7 Strategies That Build Organic Word of Mouth

WoM is a crucial marketing tool, but a difficult one to produce and scale. Here's where you should start

Todd Wasserman
October 20 2018

If you’re like most consumers,  you don’t make a big-ticket purchase without bouncing the idea off  someone. Similarly, an endorsement from a trusted friend will push you to try a new product or service more often than an ad will.

A recent study found that more than two-thirds of consumers were more receptive to recommendations from family and friends than to online advertising. The same is true in B2B, where social proof in the form of a positive review from a colleague is often integral to closing a sale. Word of mouth is the primary impetus for 20-50 percent of all purchasing decisions, according to McKinsey.

Word of mouth is at the heart of one of the most important metrics in marketing, the Net Promoter Score. Many companies, including Expensify, Slack and Netflix, were built by word-of-mouth. The same could be said for Google, Uber and Airbnb, none of whom ran splashy TV campaigns to gain prominence.

The problem is that building word of mouth is tricky. It’s not as easy as placing a multi-million buy. Efforts to orchestrate word-of-mouth, like paying influencers to talk up your brand, can also backfire. The good news is that there are at least seven viable ways to build organic word of mouth:

  1. Make your offering remarkable. Marketing guru Seth Godin’s observation that people will remark upon a truly unique experience is true. Take Expensify. The brand is built around the promise to offer “expense reports that don’t suck.” The company’s marketing strategy was to get people to try the product, then decide that it was a vast improvement over existing expense report software. The happy users would then tell others. This is exactly what happened. As CEO David Barrett has explained, the company built word of mouth by listening to users’ criticism and desires for product features and met those as best as it could.
  2. Include a network effect. The network effect means that a product or service is more useful as more people use it. Facebook is the best example of this since the network wasn’t much fun until everyone you knew was on it. (And then it became less fun, but that’s another story.) If one employee wanted to try Slack, for instance, then he would send invitations to everyone else in the office. That way, instead of getting one new user, Slack got 30. As Hackernoon has outlined, you can also build a network effect by creating a marketplace.
  3. Develop a point of differentiation. Zappos is just another online retailer selling shoes. That niche isn’t so unique. If Amazon had wanted to, it could have made shoes more prominent on its homepage and killed Zappos off. Instead, Amazon bought Zappos in 2009 for about $800 million. The shoe e-tailer had earned a reputation for stellar customer service. This was a conscious strategy that founder/CEO Tony Hsieh had put forth to provide a point of differentiation for Zappos. Employees were trained to focus on that service instead of sales. Zappos also made its phone number front and center on its website, a rarity in e-commerce, and had human reps available to answer phones 24/7.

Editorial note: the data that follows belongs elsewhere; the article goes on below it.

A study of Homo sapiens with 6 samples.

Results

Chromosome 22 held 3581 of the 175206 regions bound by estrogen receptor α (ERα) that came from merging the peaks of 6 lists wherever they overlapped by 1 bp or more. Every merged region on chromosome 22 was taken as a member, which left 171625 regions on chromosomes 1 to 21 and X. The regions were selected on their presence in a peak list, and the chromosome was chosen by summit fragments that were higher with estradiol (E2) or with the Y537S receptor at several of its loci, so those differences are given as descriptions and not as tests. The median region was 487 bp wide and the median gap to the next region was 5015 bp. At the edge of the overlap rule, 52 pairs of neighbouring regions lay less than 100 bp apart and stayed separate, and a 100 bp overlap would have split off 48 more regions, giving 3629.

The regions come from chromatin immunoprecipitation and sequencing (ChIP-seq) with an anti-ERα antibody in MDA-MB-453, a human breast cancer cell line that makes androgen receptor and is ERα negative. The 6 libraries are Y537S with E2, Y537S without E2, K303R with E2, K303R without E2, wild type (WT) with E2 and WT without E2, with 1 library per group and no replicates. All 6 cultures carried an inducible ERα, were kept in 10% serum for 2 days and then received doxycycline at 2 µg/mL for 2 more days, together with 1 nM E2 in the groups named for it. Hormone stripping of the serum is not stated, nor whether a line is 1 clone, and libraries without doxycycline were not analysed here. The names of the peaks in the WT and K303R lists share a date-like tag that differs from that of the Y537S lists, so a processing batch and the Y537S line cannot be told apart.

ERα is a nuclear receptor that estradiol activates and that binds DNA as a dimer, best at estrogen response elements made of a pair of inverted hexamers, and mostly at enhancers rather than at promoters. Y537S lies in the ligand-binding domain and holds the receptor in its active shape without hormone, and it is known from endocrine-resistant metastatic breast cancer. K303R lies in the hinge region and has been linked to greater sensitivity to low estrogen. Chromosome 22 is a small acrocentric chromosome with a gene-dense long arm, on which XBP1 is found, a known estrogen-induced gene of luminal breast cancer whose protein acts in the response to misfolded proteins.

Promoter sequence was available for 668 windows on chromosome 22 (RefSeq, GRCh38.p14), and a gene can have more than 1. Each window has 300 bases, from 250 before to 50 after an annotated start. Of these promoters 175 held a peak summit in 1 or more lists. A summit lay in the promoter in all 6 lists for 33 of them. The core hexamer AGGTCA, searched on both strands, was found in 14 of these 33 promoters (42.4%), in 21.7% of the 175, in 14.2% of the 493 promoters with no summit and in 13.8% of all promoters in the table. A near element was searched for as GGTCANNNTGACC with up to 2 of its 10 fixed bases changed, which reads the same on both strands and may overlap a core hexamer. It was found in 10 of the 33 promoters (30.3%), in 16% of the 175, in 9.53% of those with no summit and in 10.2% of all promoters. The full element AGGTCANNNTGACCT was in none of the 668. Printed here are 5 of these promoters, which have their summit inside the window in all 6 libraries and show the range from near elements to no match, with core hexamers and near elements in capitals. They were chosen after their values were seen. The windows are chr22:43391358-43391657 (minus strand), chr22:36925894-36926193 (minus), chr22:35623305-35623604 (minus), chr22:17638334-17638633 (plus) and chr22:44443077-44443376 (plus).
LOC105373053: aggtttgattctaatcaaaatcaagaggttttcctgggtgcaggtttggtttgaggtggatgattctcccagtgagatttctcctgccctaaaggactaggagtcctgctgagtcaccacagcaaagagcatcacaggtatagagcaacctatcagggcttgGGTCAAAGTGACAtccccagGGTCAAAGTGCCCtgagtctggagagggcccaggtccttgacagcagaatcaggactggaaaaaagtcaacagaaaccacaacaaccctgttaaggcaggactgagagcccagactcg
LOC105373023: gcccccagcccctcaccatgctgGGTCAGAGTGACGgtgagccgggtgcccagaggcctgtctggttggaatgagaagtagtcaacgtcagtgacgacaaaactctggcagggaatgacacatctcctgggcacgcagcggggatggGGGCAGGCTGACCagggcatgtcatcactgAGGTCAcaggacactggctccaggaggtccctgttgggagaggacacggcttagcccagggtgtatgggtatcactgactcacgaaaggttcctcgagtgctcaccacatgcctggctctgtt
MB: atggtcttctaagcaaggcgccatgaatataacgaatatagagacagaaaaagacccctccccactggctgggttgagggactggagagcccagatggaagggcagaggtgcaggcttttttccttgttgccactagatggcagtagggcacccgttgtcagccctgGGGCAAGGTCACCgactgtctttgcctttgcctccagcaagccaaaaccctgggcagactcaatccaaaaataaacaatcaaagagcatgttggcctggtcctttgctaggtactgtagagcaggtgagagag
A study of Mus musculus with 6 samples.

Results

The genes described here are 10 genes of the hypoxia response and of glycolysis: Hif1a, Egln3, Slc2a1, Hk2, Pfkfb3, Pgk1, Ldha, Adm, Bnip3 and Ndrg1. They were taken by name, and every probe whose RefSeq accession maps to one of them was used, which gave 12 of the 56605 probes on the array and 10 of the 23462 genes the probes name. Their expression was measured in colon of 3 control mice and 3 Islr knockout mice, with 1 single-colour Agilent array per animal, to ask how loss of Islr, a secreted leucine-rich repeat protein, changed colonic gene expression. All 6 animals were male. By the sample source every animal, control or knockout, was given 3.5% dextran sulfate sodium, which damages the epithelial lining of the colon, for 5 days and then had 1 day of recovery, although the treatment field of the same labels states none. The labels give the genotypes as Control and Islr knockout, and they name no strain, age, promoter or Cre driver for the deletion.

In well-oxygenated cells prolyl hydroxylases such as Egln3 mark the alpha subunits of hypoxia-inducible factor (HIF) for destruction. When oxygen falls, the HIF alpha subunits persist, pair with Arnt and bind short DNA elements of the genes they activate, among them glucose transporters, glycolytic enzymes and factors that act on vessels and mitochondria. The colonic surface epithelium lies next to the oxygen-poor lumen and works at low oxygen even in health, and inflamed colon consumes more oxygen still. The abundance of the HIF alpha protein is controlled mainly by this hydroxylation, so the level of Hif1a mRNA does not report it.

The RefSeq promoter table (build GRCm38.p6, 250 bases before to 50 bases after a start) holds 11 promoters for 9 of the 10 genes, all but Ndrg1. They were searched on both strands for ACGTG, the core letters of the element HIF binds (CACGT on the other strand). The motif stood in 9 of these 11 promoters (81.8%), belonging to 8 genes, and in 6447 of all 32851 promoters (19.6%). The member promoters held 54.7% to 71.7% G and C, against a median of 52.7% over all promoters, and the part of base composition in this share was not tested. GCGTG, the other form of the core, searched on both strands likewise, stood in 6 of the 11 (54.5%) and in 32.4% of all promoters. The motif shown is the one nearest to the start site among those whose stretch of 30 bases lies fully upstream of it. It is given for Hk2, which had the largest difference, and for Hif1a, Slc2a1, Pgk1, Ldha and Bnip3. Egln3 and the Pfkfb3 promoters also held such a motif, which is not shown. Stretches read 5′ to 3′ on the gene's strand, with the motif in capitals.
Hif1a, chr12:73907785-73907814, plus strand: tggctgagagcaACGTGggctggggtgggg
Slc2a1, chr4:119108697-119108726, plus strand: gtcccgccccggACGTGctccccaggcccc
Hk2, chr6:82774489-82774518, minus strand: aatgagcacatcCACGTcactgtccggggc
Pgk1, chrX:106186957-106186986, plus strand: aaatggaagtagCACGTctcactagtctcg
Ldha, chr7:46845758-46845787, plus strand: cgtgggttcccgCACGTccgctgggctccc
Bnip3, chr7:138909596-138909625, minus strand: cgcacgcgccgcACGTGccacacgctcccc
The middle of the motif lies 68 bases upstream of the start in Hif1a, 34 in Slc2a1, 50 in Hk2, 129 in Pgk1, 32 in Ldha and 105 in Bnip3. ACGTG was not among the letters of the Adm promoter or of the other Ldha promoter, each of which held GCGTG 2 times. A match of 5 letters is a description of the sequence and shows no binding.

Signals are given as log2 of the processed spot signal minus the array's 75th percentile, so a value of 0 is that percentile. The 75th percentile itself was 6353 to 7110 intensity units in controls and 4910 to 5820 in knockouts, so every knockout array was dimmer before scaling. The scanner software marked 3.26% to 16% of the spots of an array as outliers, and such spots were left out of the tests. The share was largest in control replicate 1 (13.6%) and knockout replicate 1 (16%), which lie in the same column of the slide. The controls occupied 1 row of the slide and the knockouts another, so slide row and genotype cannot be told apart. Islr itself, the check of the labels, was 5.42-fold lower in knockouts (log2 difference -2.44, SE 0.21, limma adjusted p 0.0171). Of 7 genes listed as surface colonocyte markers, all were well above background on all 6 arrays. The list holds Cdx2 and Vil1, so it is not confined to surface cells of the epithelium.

4. Build in virality. The oldest example of built-in virality is probably Hotmail, whose emails all bore the message “Get your free email at Hotmail.” That meant that everyone who received a Hotmail-based email also saw an ad for the company. That led to an exponential increase in people who saw that message.
  5. Use an invite-only strategy. This technique, which Google often used for new product launches, bestowed social capital on early invitees. In the early days of Gmail, for instance, only invited people could use the app. That ensured that those allowed within the velvet rope would talk about Gmail and those outside would wait eagerly for their invites.
  6. Forget about marketing and focus on the product — at least at first. This is the approach that Expensify and others, including Evernote, have taken. Evernote Founder Phil Libin has said that he believes companies that build up marketing too early will pull their focus away from product development. That’s why in Evernote’s early days, it put all its effort into fielding user feedback about the app to make it better. Once you’ve perfected the product, it’s time to amplify the word of mouth that’s already out there from your superior product.
  7. Use product landing pages to boost SEO. Companies like HubSpot have generated great organic SEO by creating a huge amount of content. As a result, if users ask Google any marketing-related question, there’s a good chance a HubSpot link will appear. But Slack found a clever way to get the same kind of SEO without creating content. Instead of doing that, Slack created landing pages for its integrations. If you searched “google drive,” for instance, Slack’s Google Drive integration landing page was among the top results. (That page was No. 13 on the search at this writing.)

Once you’ve generated organic word of mouth, it’s time to amplify it by featuring customer testimonials in your social media feeds and advertising. The trick is to maintain those elements that made you special as you grow. For example, despite its success, Zappos still features its customer service phone number on its website. Remember, even if a potential user hears about you from an ad, they will still likely ask someone for a real word-of-mouth reality check.


Todd Wasserman is a journalist with 25 years of experience. He has been freelancing full time since 2015. Before that he was the business editor for Mashable from 2010-2015. From 1999-2010 he worked at Adweek's Brandweek, starting as a reporter and ending as editor-in-chief (2007-2010). He has written for The New York Times, The Wall Street Journal, Wired, The Washington Post and The Economist, among other publications.